The Nordic-American Chambers of Commerce in Washington united on February 5th for an event at the Finnish Embassy discussing the Trans-Atlantic Trade and Investment Partnership negotiations. This is the first time that all chambers have been involved in organizing such an event.
H. E. Ritva Koukku-Ronde, Ambassador of Finland to the United States, gave the opening remarks. Hiddo Houben, Head of the Trade Section of the European Union Delegation in Washington, D.C, and Assistant Chief Negotiator for the TTIP, Kate Kalutkiewicz, from the Office of the United States Trade Representative (USTR) joined panelists Ambassador Peter Taksoe-Jensen of Denmark, Mr. Olli-Pekka Heinonen, State Secretary, Office of the Prime Minister of Finland, and Mr. Jonathan Miller, Vice President of Government Relations and Public Affairs for Volvo Group, North America.
The speakers remarked on the change in perceptions over the last three to four years. Until recently such an agreement as TTIP was viewed as impossible. Now, there is cautious optimism that an agreement is achievable. For all the Nordic countries, the US is an important trading partner. In fact it is the third largest market for Denmark. With TTIP, Denmark expects exports to grow by fourteen percent.
Harmonizing regulations will be an important part of the TTIP agenda. In the automobile sector, harmonizing emission standards and safety regulations would remove an important barrier to increased trade. This is just one example of how harmonization would aide trade.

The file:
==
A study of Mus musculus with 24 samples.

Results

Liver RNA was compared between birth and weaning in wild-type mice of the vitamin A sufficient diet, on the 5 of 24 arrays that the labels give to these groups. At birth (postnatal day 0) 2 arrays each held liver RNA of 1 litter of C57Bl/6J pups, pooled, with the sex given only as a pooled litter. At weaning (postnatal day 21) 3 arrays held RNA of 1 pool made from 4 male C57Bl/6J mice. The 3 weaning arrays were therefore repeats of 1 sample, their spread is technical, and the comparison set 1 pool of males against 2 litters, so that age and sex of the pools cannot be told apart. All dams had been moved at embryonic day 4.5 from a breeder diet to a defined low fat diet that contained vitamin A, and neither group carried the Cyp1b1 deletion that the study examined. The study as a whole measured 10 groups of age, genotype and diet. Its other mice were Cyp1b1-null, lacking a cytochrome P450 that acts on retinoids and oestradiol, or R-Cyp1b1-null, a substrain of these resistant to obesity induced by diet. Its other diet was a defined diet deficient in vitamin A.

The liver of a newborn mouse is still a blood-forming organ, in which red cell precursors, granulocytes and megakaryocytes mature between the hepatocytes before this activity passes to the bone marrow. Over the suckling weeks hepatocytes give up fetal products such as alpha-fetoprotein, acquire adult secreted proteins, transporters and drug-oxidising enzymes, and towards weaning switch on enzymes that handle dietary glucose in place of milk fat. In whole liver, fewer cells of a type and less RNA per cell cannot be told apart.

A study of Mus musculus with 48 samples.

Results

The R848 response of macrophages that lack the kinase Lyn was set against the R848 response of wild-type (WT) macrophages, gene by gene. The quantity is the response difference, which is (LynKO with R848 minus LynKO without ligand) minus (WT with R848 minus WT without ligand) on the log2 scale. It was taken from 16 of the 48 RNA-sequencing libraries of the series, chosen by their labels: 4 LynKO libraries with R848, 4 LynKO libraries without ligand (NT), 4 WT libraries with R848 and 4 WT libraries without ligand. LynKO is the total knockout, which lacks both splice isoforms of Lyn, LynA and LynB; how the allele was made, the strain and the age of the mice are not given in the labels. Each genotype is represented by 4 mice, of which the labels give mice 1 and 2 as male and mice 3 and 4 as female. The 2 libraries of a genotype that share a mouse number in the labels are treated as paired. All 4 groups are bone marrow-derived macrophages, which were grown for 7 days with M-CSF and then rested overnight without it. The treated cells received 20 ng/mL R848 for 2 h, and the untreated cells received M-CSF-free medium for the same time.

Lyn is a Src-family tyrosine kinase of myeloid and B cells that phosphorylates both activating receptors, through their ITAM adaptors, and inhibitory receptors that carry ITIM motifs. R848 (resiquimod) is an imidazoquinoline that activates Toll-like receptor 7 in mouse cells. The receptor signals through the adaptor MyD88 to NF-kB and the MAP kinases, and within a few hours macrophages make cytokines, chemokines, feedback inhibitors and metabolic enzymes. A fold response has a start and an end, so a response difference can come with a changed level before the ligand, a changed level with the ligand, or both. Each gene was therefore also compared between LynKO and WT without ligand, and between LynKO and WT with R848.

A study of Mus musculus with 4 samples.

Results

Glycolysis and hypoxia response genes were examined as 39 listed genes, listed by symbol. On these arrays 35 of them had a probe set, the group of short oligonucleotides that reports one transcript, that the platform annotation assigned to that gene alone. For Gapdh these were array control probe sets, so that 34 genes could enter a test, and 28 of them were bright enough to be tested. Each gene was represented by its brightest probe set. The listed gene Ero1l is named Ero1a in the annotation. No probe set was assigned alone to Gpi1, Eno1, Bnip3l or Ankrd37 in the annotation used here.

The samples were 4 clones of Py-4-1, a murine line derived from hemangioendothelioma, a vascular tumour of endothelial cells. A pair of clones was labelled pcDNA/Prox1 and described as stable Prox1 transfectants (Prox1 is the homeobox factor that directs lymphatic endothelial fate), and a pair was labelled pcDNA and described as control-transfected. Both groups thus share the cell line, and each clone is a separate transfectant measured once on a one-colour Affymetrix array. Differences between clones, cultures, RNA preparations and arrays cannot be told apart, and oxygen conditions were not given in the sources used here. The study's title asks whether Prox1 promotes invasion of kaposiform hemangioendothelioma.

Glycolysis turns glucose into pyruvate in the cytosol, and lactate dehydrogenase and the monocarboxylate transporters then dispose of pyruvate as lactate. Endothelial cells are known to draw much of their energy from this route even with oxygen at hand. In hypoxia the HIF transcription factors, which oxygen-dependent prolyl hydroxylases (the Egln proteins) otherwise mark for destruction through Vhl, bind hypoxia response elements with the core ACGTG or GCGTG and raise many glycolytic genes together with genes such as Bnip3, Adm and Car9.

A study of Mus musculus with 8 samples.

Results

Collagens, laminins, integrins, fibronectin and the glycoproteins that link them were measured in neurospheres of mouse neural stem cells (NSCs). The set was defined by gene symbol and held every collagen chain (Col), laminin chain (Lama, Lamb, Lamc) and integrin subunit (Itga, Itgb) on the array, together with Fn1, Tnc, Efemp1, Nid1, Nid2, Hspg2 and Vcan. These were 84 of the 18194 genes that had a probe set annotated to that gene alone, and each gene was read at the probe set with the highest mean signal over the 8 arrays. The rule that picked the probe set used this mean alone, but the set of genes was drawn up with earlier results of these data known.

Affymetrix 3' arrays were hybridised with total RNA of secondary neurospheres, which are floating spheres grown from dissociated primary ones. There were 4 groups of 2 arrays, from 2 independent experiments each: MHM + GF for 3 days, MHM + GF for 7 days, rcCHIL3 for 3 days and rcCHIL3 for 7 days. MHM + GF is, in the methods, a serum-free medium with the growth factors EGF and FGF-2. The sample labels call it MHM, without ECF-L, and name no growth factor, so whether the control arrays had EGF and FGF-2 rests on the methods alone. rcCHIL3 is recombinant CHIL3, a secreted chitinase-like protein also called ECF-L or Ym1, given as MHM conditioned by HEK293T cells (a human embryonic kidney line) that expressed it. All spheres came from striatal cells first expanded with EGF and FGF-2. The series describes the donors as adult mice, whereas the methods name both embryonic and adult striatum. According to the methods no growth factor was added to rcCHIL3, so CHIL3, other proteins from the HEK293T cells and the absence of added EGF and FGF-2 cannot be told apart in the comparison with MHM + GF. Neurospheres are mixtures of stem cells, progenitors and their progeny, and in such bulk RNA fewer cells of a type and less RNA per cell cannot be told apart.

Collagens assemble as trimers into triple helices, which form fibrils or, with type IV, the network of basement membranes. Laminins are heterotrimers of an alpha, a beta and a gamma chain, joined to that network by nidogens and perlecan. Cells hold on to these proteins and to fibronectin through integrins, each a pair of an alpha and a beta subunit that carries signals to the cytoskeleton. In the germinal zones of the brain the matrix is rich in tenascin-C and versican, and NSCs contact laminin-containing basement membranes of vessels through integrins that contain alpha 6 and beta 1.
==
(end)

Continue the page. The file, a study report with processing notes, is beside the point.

TTIP is a dialogue between equal partners. That is, the economies of the EU and the US are equal and both highly developed and regulated. The European American relationship is balanced and greater market access will benefit both parties. Therefore, it should be a win/win for both sides.
Both Norway and Iceland are non-EU members. However, Minister Counselor Lars P. Henie from the Embassy of Norway and Deputy Chief of Mission Skafti Jónsson from the Embassy of Finland spoke to their countries’ perspective on the negotiations. Although the majority of Norway’s trade is with the EU, they do have a positive view of TTIP and see it as a means of increasing world trade and securing competitiveness. Norway’s concerns include the Jones Act in the shipping sector, the role of state owned companies, fishing and natural resources.
However, TTIP is viewed as a Strategic Initiative for a new world rather than just a trade agreement.